Club for Growth national president Stephen Moore left a voice mail for Steve May saying, "we need to make a change in leadership to someone who is less objectionable and to someone who is not a lightning rod." -- i.e. someone who is not Gay.
Gay former lawmaker disinvited to lead antitax group
The Advocate, September 20, 2003

A conservative antitax group on Thursday dropped a former legislator as president of its first state affiliate. Former Arizona state representative Steve May said it was because he is gay, which the group denies. The Washington, D.C.-based Club for Growth had been criticized by some Arizona conservatives for its selection of May as head of its week-old Arizona affiliate. While critics questioned May's credentials as a conservative on fiscal and school-choice issues, May told the Associated Press, "The real issue is the gay issue. It's unfortunate."

May said in a telephone interview that he received a voice mail from Club for Growth national president Stephen Moore saying the group "thinks we need to make a change in leadership to someone who is less objectionable and to someone who is not a lightning rod." As of late Thursday, Moore had declined to comment.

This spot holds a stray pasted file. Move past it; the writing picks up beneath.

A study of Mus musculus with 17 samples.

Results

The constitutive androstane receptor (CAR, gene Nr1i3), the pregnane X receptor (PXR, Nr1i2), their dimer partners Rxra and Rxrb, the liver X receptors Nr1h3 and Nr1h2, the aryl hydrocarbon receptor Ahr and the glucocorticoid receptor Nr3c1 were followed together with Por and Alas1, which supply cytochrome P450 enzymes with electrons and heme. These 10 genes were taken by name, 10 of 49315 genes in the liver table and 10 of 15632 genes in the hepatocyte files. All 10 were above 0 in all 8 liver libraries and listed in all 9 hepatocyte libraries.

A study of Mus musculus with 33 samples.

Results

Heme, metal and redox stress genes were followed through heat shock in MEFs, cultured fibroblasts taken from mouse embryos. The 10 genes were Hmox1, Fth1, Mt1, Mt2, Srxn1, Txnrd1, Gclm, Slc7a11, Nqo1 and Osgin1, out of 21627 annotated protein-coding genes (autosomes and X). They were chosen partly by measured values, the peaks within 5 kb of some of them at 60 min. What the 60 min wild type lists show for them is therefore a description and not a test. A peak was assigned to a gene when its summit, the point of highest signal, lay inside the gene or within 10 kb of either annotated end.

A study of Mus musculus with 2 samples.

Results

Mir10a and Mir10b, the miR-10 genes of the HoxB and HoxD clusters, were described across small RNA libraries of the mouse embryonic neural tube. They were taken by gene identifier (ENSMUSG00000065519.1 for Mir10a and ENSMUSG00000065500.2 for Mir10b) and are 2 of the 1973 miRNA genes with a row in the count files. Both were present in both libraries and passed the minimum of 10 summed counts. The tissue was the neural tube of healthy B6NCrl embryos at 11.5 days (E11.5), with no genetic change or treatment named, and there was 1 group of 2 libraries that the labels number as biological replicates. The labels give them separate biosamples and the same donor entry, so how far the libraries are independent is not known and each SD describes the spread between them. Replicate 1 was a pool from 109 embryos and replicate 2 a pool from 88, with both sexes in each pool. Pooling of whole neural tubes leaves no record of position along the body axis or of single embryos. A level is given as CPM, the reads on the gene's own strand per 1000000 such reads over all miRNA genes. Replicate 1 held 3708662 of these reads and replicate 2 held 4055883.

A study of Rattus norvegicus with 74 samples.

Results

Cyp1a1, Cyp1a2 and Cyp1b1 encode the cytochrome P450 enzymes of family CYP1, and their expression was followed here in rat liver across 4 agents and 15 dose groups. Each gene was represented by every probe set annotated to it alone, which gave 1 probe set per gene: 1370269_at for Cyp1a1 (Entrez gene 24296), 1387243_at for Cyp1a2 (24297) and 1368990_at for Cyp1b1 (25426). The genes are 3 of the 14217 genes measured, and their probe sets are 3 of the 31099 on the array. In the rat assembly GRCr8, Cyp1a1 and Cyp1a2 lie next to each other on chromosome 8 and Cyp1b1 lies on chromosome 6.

Club for Growth spokesman Kevin McVicker said the group "categorically denies that we are separating from Mr. May because he is gay. Rather it has to do with policy issues." He declined to elaborate. McVicker had acknowledged earlier that May's role as state president was under review because of complaints prompted by a social conservative, Len Munsil, president of the Scottsdale-based Center for Arizona Policy. On Monday, Munsil urged supporters in an electronic newsletter to contact Moore with E-mails to protest May's role. "Politely let him know conservatives will not support an organization led by a liberal gay activist who has declared war on social conservatives in Arizona," Munsil wrote.

The Club for Growth is a supply-side advocacy group that until now has sought only to influence the outcome of congressional races with donations and by running ads criticizing incumbents it opposes. The Arizona affiliate was to be the group's first foray into state-level politics.